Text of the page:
Following stage 2’s scenic trip down coastline of Northern Ireland, stage 3 will take the peloton south from Armagh to the finish in the heart of Dublin. Similar to stage 2 this stage is one for the sprinters with only a couple of early climbs to allow an escape to get clear, scoop up the King Of the Mountain points, grab some TV time for their sponsors before being caught by the sprinters teams within sight of the finish. Although you’ll probably see little of these stage 3 climbs on the television coverage, you might fancy heading out to watch the race or to try them for yourself so here’s all you need to know.
Other posts for Giro d’Italia 2014: Climbs of stage 2 – Climbs of stage 5 to 9 – Climbs Stages 14, 15 and 16 – Climbs Stages 18, 19 and 20
Rising out of Markethill, Coolmillish Road will be a good leg loosener for the peloton and should a break not already be clear by this point then this is the perfect ramp to get get a gap. With two climbs in quick succession and a few days before the next points available in the Mountain Jersey competition these climbs will be high on the agenda for a number of riders. The climb rises 133m over 4.7 km and although the average gradient is just 2.8% the steeper ramp at the beginning (maxing out at around 7%) will certainly be noticeable. A long flat section follows but the final third of the climb gets back to some proper gradients again.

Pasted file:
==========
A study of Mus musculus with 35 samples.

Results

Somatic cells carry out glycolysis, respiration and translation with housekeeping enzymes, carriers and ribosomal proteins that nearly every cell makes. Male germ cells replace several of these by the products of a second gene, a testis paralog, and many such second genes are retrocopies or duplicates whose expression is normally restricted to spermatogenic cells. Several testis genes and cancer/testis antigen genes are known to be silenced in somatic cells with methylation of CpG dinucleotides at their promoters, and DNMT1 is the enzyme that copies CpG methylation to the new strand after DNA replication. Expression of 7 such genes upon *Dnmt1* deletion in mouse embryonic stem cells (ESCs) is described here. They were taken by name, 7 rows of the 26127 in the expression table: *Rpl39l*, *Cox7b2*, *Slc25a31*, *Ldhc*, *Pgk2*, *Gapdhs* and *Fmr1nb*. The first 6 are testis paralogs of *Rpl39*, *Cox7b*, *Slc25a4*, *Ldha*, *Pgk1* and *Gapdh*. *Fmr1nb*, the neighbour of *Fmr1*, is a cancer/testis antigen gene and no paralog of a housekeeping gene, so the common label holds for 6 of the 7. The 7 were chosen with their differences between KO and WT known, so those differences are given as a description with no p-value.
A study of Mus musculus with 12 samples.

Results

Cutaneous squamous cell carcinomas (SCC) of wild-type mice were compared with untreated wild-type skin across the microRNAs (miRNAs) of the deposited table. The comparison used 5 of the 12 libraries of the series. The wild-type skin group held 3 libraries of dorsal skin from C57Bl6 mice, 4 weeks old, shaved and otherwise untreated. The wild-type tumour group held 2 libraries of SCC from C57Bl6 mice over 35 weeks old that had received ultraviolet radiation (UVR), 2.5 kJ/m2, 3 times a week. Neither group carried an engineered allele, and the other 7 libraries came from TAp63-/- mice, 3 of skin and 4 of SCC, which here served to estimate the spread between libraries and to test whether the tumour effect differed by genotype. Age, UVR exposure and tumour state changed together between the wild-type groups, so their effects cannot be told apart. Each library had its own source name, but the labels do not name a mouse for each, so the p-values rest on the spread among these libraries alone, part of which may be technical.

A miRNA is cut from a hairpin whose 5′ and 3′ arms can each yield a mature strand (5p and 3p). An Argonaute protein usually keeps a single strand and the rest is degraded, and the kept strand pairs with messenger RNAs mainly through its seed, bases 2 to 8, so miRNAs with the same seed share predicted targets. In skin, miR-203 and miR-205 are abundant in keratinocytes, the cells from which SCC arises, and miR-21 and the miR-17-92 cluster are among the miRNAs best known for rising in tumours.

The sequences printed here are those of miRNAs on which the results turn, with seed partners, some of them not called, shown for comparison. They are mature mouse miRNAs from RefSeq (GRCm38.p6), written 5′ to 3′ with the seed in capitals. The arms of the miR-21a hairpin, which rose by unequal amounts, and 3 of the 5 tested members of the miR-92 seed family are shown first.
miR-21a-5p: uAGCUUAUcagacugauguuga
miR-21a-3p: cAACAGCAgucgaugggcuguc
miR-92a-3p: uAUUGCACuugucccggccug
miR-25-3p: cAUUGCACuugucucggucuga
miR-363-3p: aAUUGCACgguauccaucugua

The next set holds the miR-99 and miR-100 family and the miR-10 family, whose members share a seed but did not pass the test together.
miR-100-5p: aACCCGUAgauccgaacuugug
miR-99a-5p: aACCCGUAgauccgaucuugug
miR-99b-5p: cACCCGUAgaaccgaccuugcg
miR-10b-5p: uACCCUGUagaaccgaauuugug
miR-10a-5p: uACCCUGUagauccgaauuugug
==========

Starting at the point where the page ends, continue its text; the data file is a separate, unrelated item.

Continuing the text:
(Interactive 3D profile of climb and map – don’t be shy, give it a spin!)
The summit at Fews Forrest is the high point of the Giro’s visit to Ireland at 315m above sea level (the highpoint of the entire race will be at the Passo dello Stelvio at a giddy height of 2,758m on stage 16). Once again, over the climb’s 4.5 km the average grade is still a very manageable 3.5% but it does save the most testing gradients for the near the summit. From here to the finish of stage 3 it is more likely that the wind will play the bigger part in causing any upsets to the main contenders with some blustery conditions forecast. Given the extreme conditions during last year’s Giro where several climbs had to be closed due to snowfall along with almost constant heavy rain then I’m sure the riders will be taking it all in their stride.
Having one of the Grand Tours visit our shores is rare event and if you are at all able then you must get on the roadside and take in the full experience, and where better than on one of these climbs. Once the race has headed back to Italy then hopefully many of you will have been inspired to take to the roads yourself and compare your times to the pro riders to get a full appreciation of how quickly and effortlessly they can tackle our local hills despite the hard work we have to put in to get over them.